A judgment proof individual is anyone's who assets are fully exempt from collection. First, lets discuss the additional collection rights debt collectors earn after suing you and getting a judgment:
- Can garnish your wages
- Can garnish your bank accounts
- Can place a lien against your real estate
- Can place a lien against your personal property, such as an automobile
Keep in mind that collection agencies working for the federal government have these rights without the benefit of a judgment. Commercial collection agencies whose responsibility it is to collect old hosptial debts, library fines, credit card debts, etc, must have a judgment against you before utilizing any form of involuntary debt collection.
Most people that hold judgment proof status in one area aren't safe in another. For example, if you are unemployed, a collection agency cannot garnish your wages because you don't have any. If you have a car, however, the company can place a lien against it and subsequently seize the vehicle.
Judgment Exemptions That Protect You
You don't have to lack any assets at all to be considered judgment proof for legal purposes. Some forms of income are protected under federal law. Thus, if you survive primarily on one or a combination of the following income sources, collection agencies cannot force you to turn over the funds either via garnishment or a bank levy.
- Social Security
- Child support
- Veterans' benefits
- Unemployment payments
- Military annuities
- Financial aid for college
- Workers' compensation
- FEMA benefits
- Retirement pensions
Remember, when it comes to bank account garnishment, you must claim your exemptions for them to be effective. Otherwise, the collection agency will try to seize them and the bank will willingly turn them over.
Make Yourself Judgment Proof
While defending yourself in court against a collection agency lawsuit is always the smartest course of action, there are things you can do to reduce the odds of the collection agency being able to enforce a judgment against you and, in some cases, helps prevent a judgment altogether.
Your wages are the most difficult piece of the puzzle. If you live on standard employment and don't work "under the table" or live primarily on government or retirement benefits, your wages are usually subject to garnishment. There isn't too much you can do about this unless you want to change employers frequently until the judgment expires. It typically takes debt collectors six months or so to locate you and file a new garnishment order. Some don't even bother. Thus, whether or not you are fully exempt from wage garnishment is more a matter of sheer luck than careful planning. Unless, of course, you're willing to relocate.
Four U.S. states do not allow wage garnishment by commercial creditors – including collection agencies. Those states are South Carolina, North Carolina, Pennsylvania and Texas.
If you live in the northern U.S., purchasing property in Canada, filing for permanent residency (roughly $1500 last I checked) and getting a job across the border can prevent a collection agency from garnishing your wages.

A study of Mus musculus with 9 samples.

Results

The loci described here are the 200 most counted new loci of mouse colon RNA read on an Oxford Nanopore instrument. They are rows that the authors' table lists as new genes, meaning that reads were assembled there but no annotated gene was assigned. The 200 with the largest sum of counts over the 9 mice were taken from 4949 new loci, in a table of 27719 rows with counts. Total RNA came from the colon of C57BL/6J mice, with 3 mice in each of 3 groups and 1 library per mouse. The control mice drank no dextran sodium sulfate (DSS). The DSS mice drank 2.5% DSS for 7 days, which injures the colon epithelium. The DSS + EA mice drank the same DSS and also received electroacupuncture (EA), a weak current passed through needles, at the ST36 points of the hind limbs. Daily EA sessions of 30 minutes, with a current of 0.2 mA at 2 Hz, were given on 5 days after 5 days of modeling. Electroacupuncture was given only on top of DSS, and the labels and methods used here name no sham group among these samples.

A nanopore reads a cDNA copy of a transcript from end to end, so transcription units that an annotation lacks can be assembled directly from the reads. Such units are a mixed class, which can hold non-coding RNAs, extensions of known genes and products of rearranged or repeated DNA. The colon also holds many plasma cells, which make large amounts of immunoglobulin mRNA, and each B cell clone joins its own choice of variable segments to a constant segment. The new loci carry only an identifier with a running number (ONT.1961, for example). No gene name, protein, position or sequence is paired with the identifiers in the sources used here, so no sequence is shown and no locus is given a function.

Protecting Bank Accounts From Judgments
Your bank accounts are safe if they contain exempt funds and you take care to claim those funds as exempt with your bank as soon as the collection agency tries to place a post-judgment freeze on your checking or savings accounts. Otherwise, a bit of creativity may be in order.
Many banks overseas offer foreign bank accounts in U.S. dollars. Lloyds of London is just one example. You can use the bank for all of your checking and savings needs with the security of knowing that a collection agency can't touch your money.
Let me be straight here: If you owe the IRS, putting your money into an offshore checking account doesn't help you. The IRS has options other collectors don't and doesn't even have to sue you before taking away everything you own. Collection agencies, however, would have to "domesticate" their judgments to collect from an offshore account. Few collection agencies would bother going through this trouble – and that's if they even find out about your offshore account. They have enough trouble tracking down bank accounts in the U.S.
Keep in mind, I'm not telling you how to hide your bank accounts from collection agencies since that could potentially get me in trouble. I'm merely stating a method by which some people do just that.
Collection Agency Liens Against Real Estate
If you own your home home, you'r at risk of liens after a judgment. Hiding assets after a judgment is illegal in most states, but taking care to place your assets in safer hands prior to the lawsuit isn't. If your house or car is paid for, a collection agency is more likely to foreclose on its lien. If you carry a mortgage or auto loan, the collection agency would have to pay off the superior lien before it could seize the asset. Thus, its generally safer to keep a mortgage against your property.
Renters benefit greatly here. Debt collectors cannot place liens against rental property if the judgment they hold is against the renter rather than the property owner. Yet another aspect of the lien process to consider is that the lien appears in the county you live in. The collection agency may very well overlook property you own in other counties or states.